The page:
Last weekend Wendy Ida emailed me that she was going to an event. It being a holiday and all, I was thinking this involved the beach, a show, or maybe a somber get-together for Memorial Day. But no -- Ida was gearing up for a competition.
That Saturday she went on to win two first-place trophies for her age group -- women age 45-plus and 50-plus -- in bodybuilding.
Ida's 60 years old.
Besides this sort of thing, the best-selling author and fitness guru is now also doing rounds for her new book, Take Back Your Life: My No Nonsense Approach to Health, Fitness and Looking Good Naked!
A nationally certified master trainer and nutrition specialist (as well as the aforementioned award-winning bodybuilder/figure champion) Ida is full of energy. But she wasn't always. Hard to believe now.
In addition to her thriving personal training business, Ida's a favorite go-to expert for the media, appearing in dozens of publications, television shows and commercials. Her message: It's never too late to get into shape.
What makes Ida perhaps more unique than the slew of trainers and fit-bodies out there, is that she views being well as a truly holistic endeavor.
She challenges all people -- especially women over 40 -- to see the possibilities for new growth and change as we age: "A lot women are afraid. They are afraid to takes risks; they are staying in their little comfy zone and accepting what life gives them next."
She encourages anyone interested to reject the idea that your desirability peaks and then it's all downhill -- especially for women going through menopause.
"For our mom's generation," she counters, "the symptoms of menopause were still so hush-hush. Now it's about accepting all of that and moving on."
Originally from New Jersey, Ida had a rough start -- one that she feels gave her the strength and empathy to help others.
She fled to LA with her two young children after she'd had enough of an abusive marriage that was exacting its price on her body, mind and spirit -- and endangering her children.
Not an irrational fear, given the well-known correlation between domestic violence and homicide. And according to the National Coalition Against Domestic Violence, witnessing domestic abuse is often how it transmits from one generation to the next.
Making matters more complicated was the fact that her ex-husband was a cop who exploited his access to information, so there seemed to be nowhere to turn.
She felt trapped and it took three attempts for her to finally break free of him.
Growing up in public housing, there was also trouble close to hom;, her mom was battered, and Ida had her share of run-ins with roughnecks. She writes candidly in Take Back Your Life about one such experience:
"I looked over my shoulder and there was my pursuer, bigger than life and within arms' length of me. He was holding a big metal pipe in one hand as he lunged forward to grab me. I instinctively jumped into the taxi and slammed the door shut and the cab driver took off. His face resembled something out of a nightmare and it haunted me for many years to come. I turned around once after the cab sped off to make sure I was safe and once again had escaped harm's way before breaking down again into tears. All I wanted was the safe haven of my mother's arms.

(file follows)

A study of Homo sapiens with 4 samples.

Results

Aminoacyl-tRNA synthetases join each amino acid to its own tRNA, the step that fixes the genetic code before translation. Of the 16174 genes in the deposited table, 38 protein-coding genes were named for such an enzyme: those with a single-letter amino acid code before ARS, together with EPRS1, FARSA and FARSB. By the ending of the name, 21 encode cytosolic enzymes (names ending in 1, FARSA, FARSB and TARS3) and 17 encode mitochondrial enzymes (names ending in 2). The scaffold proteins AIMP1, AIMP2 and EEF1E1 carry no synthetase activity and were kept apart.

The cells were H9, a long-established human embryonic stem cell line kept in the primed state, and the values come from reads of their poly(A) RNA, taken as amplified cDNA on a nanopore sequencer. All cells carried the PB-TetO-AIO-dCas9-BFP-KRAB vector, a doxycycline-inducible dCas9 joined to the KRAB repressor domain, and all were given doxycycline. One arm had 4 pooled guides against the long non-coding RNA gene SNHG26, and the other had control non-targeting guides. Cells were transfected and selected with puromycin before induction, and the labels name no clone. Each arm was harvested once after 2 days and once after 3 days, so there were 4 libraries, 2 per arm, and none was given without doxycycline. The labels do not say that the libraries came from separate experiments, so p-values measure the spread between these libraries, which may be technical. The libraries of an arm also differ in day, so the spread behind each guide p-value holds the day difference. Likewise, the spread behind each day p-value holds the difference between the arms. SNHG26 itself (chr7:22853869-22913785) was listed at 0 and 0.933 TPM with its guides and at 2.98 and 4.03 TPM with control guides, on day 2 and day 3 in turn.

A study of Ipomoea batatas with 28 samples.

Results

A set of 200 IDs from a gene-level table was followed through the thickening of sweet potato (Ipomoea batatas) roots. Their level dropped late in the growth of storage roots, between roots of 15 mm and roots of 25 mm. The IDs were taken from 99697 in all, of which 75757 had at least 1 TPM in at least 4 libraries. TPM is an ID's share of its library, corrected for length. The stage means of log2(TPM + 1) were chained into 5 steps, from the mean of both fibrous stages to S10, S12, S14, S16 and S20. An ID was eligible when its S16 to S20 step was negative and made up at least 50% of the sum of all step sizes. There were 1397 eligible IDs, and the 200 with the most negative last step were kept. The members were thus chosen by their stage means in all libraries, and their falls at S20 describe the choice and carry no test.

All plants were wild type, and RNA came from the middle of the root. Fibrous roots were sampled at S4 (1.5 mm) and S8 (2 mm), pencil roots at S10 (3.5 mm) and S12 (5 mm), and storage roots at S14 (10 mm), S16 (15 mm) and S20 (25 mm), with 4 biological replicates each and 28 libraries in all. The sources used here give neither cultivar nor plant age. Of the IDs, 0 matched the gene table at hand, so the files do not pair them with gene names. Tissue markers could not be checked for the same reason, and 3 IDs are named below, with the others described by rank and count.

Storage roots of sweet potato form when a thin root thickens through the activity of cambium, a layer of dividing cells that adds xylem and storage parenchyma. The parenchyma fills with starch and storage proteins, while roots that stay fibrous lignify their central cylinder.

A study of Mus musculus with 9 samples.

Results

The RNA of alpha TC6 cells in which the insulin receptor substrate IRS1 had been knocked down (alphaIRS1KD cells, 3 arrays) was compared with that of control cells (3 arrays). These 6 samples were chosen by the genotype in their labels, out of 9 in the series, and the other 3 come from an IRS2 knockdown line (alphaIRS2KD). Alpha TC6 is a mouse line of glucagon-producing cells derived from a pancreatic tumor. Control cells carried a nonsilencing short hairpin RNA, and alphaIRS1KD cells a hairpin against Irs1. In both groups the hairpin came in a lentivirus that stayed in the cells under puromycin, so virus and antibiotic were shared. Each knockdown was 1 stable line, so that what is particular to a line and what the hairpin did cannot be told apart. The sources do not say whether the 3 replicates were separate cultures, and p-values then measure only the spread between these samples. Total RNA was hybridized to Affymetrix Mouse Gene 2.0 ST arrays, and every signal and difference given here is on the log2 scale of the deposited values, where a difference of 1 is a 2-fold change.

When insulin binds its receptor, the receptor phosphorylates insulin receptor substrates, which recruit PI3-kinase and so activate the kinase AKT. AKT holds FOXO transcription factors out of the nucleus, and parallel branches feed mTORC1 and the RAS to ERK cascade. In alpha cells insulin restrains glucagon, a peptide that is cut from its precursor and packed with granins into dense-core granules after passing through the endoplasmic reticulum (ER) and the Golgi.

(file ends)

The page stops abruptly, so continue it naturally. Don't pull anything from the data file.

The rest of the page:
For years this boy in my neighborhood terrorized me almost every day."
But leaving New Jersey presented its own obstacles. For one, she was on her own and as she endeavored to rebuild her life in California as an accountant, she struggled with her weight and health.
She felt drained, stressed, and out of sync with her body: "I felt stuck." Ultimately, she had to have a hysterectomy,which led to early menopause.
She started taking aerobics classes -- but was still over-eating and not getting the results she wanted.
And there were more setbacks along the way: her mother's early passing from colon cancer, the death of her sister from complications related to a brain tumor.
"Mom held a lot of stuff inside. I feel stress killed her (more than) the colon cancer. By the time they found it, it was way out of control."
Ida wanted to set a new course, something her sister, Sylvia, was helping her with -- coaching Ida out of the abusive relationships she'd gravitated towards.
Unmoored by the loss of her sister, it was the intervention of a trainer who saved her: "When I met an earth angel [the trainer] my body started to give me a new outlook."
Getting fit opened a door to a better life.
"My body started breathing, energy started coming back. I started to feel young again. I said to myself, this is the true Wendy. I want some more of this!"
The power of a well-body (on a person who was once mistreated, disregarded or worse) is not lost on anyone. But the true meaning of "body" in this context is, I think, as a symbol for your ability to gain self-knowledge, happiness and peace of mind -- and other things way beyond your initial expectations. In this way Ida has demonstrated how she slowly healed herself. And this is the philosophy behind her book: that getting healthy is not just about working out, but about healing your outlook, motivations, and by changing what fuels your body - what you expose yourself to, the food you eat, the people you love, the places you go.
"People don't want to change -- but that's what keeps you young!" she says joyfully.
A version of this post first appeared in the Pasadena Weekly.